ISTANBUL (AP) — Tens of thousands of people thronged Istanbul’s Taksim Square yesterday, and thousands more turned out in central Ankara as protests that have presented Turkey’s prime minister with the first serious challenge to his leadership entered their second week.
Hours earlier, Prime Minister Recep Tayyip Erdogan’s governing party dismissed the protests, which have spread across the country, as an opposition attempt to topple the government, and rejected calls for early elections.
The protests, sparked by outrage over a violent police action to oust an environmental protest in Taksim Square on May 31, quickly spread to 78 cities across the country. Three people have died — two protesters and a policeman — and thousands have been injured so far.
The protests have become a general condemnation of Erdogan, whom many consider to have grown authoritarian in his 10 years in power, and accuse of trying to introduce his religious and conservative mores in a country governed by secular laws.
He convened the leadership of his Justice and Development party to discuss the protests Saturday afternoon.
Speaking after the meeting, party spokesman Huseyin Celik said rumors that the 2015 general elections would be moved forward were “totally baseless, totally unnecessary, made-up and imaginary,”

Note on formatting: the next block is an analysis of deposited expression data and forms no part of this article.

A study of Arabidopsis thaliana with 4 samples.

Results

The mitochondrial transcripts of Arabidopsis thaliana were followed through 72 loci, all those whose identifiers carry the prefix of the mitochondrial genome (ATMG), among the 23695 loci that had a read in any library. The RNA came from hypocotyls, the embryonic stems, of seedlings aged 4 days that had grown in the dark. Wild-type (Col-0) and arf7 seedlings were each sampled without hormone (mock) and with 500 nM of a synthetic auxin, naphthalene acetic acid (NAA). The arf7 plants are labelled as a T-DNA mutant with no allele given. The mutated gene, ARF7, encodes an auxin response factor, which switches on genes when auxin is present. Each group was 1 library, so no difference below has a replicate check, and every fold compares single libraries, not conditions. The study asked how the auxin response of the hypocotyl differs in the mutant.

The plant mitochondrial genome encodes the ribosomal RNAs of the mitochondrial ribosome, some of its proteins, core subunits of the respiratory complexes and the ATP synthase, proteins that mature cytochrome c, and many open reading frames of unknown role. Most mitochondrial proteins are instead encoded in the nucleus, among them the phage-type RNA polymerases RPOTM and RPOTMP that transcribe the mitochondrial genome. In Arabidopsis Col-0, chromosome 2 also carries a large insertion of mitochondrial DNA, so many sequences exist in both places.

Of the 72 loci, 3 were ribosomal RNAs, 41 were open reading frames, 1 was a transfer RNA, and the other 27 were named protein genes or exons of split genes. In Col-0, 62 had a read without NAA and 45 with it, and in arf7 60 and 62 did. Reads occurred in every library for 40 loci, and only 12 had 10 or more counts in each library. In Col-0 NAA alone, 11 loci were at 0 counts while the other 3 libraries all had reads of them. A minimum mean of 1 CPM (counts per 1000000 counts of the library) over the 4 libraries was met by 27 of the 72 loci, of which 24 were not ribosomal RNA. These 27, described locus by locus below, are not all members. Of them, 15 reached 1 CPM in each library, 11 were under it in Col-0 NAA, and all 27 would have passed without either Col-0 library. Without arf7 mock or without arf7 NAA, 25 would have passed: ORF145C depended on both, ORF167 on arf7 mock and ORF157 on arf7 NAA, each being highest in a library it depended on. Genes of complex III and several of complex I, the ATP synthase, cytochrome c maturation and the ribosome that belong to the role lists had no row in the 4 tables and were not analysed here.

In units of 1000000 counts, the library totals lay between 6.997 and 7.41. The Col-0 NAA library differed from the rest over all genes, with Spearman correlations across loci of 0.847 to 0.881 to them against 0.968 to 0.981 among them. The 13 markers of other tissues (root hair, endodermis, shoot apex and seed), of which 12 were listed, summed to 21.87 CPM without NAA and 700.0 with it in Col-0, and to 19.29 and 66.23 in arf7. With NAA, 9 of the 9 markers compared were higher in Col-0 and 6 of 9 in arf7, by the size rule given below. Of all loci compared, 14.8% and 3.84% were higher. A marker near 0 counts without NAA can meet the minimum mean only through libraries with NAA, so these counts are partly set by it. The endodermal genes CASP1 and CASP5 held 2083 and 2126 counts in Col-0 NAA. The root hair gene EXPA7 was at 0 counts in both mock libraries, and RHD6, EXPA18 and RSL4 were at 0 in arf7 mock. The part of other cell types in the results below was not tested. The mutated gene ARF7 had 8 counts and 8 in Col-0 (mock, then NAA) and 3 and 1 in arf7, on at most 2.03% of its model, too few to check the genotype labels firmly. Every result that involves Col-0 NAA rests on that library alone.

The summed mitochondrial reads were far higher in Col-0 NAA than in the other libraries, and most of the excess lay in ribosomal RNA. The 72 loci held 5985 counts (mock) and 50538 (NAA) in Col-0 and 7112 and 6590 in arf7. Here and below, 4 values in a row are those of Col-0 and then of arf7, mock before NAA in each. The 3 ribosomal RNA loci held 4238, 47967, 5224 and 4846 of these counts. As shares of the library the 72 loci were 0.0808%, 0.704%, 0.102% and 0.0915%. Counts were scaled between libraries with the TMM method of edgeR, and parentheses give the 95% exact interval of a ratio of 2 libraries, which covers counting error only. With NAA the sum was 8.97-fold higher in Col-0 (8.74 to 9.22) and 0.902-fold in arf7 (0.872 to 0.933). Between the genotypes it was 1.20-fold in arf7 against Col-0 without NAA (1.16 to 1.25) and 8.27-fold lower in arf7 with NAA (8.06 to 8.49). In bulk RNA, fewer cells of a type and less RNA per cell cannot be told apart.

Celik also accused the main opposition party of trying to topple Erdogan through illegitimate means, “having failed seven times to beat (the Justice party) in the ballot boxes.”
The head of Turkey’s nationalist party, Devlet Bahceli, had called for early elections for Erdogan to reaffirm his mandate.
“The prime minister’s stance and the tumult have deepened the crisis,” Bahceli told reporters. “The prime minister’s time is up, we believe he has to renew his mandate.”
The protests have attracted a broad array of people angered by what they say are Erdogan’s increasingly authoritarian ways and his intervention in private lives. They point to attempts to curtail the selling and promotion of alcohol, his comments on how women should dress and statements that each woman should have at least three children.
A devout Muslim who says he is committed to upholding Turkey’s secular tradition, Erdogan vehemently rejects charges of autocracy and points out that he enjoyed 50 percent support in the last elections in 2011.